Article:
Rape, incest exceptions added to abortion bill

Rape, incest exceptions added to abortion bill
(Source: WMC Action News 5)

MONTGOMERY, AL (WSFA) - The Senate Judiciary Committee passed a bill that would ban nearly all abortions in the state Wednesday morning.

The committee added exceptions in cases of rape and incest. The bill had originally given exceptions only in cases when the mother’s health was in danger.

Rep. Terri Collins, R-Decatur, is the bill sponsor. She has said the intent of the bill is for it to challenge the U.S. Supreme Court’s Roe v. Wade decision.

“Until Roe v. Wade is overturned, we can’t have the bills we feel is most appropriate for our state,” Collins said.

Sen. Clyde Chambliss is the sponsor for the Senate version of the bill. He said the additional exceptions weakens the bill’s ability to overturn Roe v. Wade. Chambliss said he wants to see the amendment stripped.

“In the situations of rape and incest it is a very difficult, difficult, situation following a horrendous act. But if we believe that life begins at conception, and I do, then life is lost,” said Chambliss. “There are still options that this bill does not take away.”

Chambliss referenced the morning after pill and adoption.

Opponents to the bill say the proposal is unconstitutional and the legal fight would cost the state money.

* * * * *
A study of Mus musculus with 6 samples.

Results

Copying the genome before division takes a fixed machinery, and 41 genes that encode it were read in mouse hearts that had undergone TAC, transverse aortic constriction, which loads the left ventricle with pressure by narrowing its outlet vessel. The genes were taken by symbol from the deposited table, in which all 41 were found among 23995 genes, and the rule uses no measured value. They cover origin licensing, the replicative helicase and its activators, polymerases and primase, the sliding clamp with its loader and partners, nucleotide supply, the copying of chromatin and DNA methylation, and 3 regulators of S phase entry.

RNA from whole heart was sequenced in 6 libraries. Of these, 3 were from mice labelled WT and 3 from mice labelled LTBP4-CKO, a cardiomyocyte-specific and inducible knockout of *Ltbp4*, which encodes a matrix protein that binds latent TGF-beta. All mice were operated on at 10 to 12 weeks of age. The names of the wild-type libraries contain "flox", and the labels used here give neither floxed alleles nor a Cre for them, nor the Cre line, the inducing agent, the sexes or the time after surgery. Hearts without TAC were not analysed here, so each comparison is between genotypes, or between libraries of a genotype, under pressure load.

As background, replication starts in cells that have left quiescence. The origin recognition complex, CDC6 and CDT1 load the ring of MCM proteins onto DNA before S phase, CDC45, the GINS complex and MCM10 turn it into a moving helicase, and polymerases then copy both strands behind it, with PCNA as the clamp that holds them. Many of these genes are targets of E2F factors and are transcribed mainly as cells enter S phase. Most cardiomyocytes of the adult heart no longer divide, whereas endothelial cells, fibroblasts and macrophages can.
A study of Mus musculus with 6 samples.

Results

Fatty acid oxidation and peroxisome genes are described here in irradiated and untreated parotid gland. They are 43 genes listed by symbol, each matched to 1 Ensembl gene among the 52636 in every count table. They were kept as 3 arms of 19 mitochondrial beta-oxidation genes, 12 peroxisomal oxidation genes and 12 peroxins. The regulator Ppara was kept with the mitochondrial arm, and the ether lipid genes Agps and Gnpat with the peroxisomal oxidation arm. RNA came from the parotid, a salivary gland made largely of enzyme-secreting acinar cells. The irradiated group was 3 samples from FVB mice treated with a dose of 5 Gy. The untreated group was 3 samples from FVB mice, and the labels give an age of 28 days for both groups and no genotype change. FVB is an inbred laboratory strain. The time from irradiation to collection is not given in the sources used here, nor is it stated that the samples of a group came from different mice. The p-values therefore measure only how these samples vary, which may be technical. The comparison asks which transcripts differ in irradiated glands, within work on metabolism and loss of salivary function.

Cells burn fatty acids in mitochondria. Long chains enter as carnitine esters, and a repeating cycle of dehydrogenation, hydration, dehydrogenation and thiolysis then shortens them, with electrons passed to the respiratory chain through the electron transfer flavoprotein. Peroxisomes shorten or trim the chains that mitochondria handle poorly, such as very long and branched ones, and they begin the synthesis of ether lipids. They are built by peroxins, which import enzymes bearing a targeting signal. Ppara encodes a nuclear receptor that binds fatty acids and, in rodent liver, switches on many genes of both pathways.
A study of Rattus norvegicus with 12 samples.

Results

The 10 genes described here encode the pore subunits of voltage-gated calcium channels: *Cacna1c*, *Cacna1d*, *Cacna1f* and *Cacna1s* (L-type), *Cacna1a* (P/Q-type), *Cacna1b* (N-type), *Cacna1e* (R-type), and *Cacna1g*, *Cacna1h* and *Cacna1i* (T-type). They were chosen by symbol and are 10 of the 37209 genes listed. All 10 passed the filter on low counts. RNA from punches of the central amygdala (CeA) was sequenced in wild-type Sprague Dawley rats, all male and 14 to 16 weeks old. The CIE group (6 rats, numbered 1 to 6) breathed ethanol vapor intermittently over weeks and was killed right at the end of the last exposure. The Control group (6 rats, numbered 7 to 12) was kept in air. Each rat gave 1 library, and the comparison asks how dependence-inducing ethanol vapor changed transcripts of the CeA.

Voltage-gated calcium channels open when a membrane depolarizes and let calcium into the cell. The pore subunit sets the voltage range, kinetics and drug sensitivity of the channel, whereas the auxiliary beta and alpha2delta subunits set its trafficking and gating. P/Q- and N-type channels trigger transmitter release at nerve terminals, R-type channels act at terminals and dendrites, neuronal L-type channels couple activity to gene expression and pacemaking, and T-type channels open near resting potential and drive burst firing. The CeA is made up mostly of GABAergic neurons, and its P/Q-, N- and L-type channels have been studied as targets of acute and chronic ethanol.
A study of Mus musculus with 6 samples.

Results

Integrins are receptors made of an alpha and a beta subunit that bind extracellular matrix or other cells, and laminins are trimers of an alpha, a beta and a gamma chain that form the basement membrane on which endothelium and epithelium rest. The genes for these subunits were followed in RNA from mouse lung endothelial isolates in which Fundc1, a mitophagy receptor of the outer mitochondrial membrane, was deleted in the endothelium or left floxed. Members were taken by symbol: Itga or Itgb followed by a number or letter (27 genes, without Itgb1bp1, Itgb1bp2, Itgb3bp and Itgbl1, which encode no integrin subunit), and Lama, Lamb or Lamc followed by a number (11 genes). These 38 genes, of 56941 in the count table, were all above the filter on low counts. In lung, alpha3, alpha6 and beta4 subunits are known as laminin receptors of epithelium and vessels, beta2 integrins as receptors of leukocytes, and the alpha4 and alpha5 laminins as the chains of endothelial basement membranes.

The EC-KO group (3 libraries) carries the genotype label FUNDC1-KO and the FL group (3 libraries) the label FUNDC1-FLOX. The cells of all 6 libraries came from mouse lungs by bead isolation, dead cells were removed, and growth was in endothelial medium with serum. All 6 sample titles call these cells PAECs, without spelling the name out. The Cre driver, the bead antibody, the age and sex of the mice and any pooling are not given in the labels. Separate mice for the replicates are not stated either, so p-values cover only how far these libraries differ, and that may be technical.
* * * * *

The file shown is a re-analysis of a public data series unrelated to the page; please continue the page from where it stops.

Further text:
“It is highly unlikely that this bill will ever make it to the U.S. Supreme Court,” said Randall Marshall, the executive director for the ACLU of Alabama.

Marshall has said if the state loses in a legal battle, Alabama could lose millions of dollars.

Several people shared their personal testimony, including Samantha Blackely who said she became pregnant after she was raped.

“If abortion was not legal, I would have still had an abortion,” said Blackely. “Or I would just not be here. Because there’s no way I could be able to carry my rapists’ child. There’s no way.”

The committee also heard Christy Harmon, who shared her story of being adopted. She works with Lifeline Children Services that helps people through the adoption process and unplanned pregnancies.

“Against all odds my birth mother chose life for me. At 13 she was in rehab for the first time, at 18 she became pregnant with me,” said Harmon. “Even though she struggled, she believed that I deserved to not only live but be deeply cared for by my mom and dad who adopted me.”

The next step is for the Senate to vote on the bill. If the Senate approves the exceptions, the bill would then return to the House.